The Livestock Auctioneers' Association Limited (LAA)

Trade Talk - Beeston Castle Auction

2nd May 2014

Jonny Dymond BSc (Hons) ALAA
Beeston Castle Auction

Calf Numbers sold in Beeston Auction are up on recent years. The favourable milk price has seen the committed Dairy farmers investing & increasing their herd sizes, hence more calves being born and sold in the auction market.

At this time of year we generally see a wonderful calf trade however some instability in the finished product seems to be holding back a few buyers. Abattoirs are placing increasing numbers of stock on their waiting lists, and sheds remain full when traditionally replacements would be sourced. Some buyers are also lambing at present but will enter the market soon.

At present we have a pleasing & consistent trade for all our calves on offer. Continental bulls are averaging £20 more than last year. Top prices, (over £400), are harder to come by with current market conditions. Heifers are a tremendous trade with plenty of farmers looking for suckler cow replacements and paying a premium price with the best regularly over £300 to a recent high of £398 for a 26day old British Blue!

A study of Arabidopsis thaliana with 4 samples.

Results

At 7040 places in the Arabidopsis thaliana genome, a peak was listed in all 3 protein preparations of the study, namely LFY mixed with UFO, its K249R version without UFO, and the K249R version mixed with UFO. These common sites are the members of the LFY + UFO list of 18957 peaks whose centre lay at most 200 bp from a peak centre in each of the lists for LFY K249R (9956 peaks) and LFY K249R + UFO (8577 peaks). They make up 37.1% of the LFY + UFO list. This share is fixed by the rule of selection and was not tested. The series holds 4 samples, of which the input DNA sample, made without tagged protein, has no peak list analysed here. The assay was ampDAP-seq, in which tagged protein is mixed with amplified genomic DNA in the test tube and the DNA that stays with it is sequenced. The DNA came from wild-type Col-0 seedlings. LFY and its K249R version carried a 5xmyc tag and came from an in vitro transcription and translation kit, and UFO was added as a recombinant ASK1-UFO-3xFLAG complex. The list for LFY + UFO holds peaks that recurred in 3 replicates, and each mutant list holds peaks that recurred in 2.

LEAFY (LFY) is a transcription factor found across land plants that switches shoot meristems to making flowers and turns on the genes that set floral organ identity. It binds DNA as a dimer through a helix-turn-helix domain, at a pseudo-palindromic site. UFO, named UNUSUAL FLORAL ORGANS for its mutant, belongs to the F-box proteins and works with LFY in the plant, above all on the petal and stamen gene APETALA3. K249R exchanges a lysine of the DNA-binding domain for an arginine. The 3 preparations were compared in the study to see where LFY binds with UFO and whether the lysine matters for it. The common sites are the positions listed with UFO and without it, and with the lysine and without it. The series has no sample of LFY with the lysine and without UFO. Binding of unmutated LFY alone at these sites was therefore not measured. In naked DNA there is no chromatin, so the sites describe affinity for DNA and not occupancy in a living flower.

Strong store & finished prices for Angus and Hereford crosses along with supermarket incentives have resulted in a 20% increase of native bred calves compared to 12 months ago. Front line information makes me wonder how long will it take to fill this niche market or has it already been filled? The best trade generally at £250 to £300. At the other end of the beef chain processors are becoming more particular about what animals they want.

Is it farm Assured? Has it a named sire with the ear tag on the passport? etc etc. I am unsure whether the housewife is actually bothered as long as it is BRITISH.

Black and White Holstein Bull Calves in Cheshire have been making good money in recent weeks with Beeston offering good numbers to bid on. The Best have regularly been £100 plus with £178 top price this week. Trade will hold good until the summer flush of calving in July when it seasonally dips. Market averages have been in £60 to £70 per head bracket. The lower and middle calves have rearer bidders competing with processing orders.

The big supermarkets seem to be looking to control every step in the supply chain, with more collection centres and contracted suppliers. They are willing to spend big to make it happen, and we are in no doubt if/when they succeed they will get every £ back with interest! We implore all farmers nationally to continue to use the Auction system which is fair, open for all and where a true trade is set! There is a buyer for everything – why not try the auction rather than “selling direct” if you have not been for a while.

Weaned calves are selling well with six month old continental crosses up to £710 at our April Collective Sale.

We believe that the calf trade will be stable throughout 2014, and perhaps even strengthen.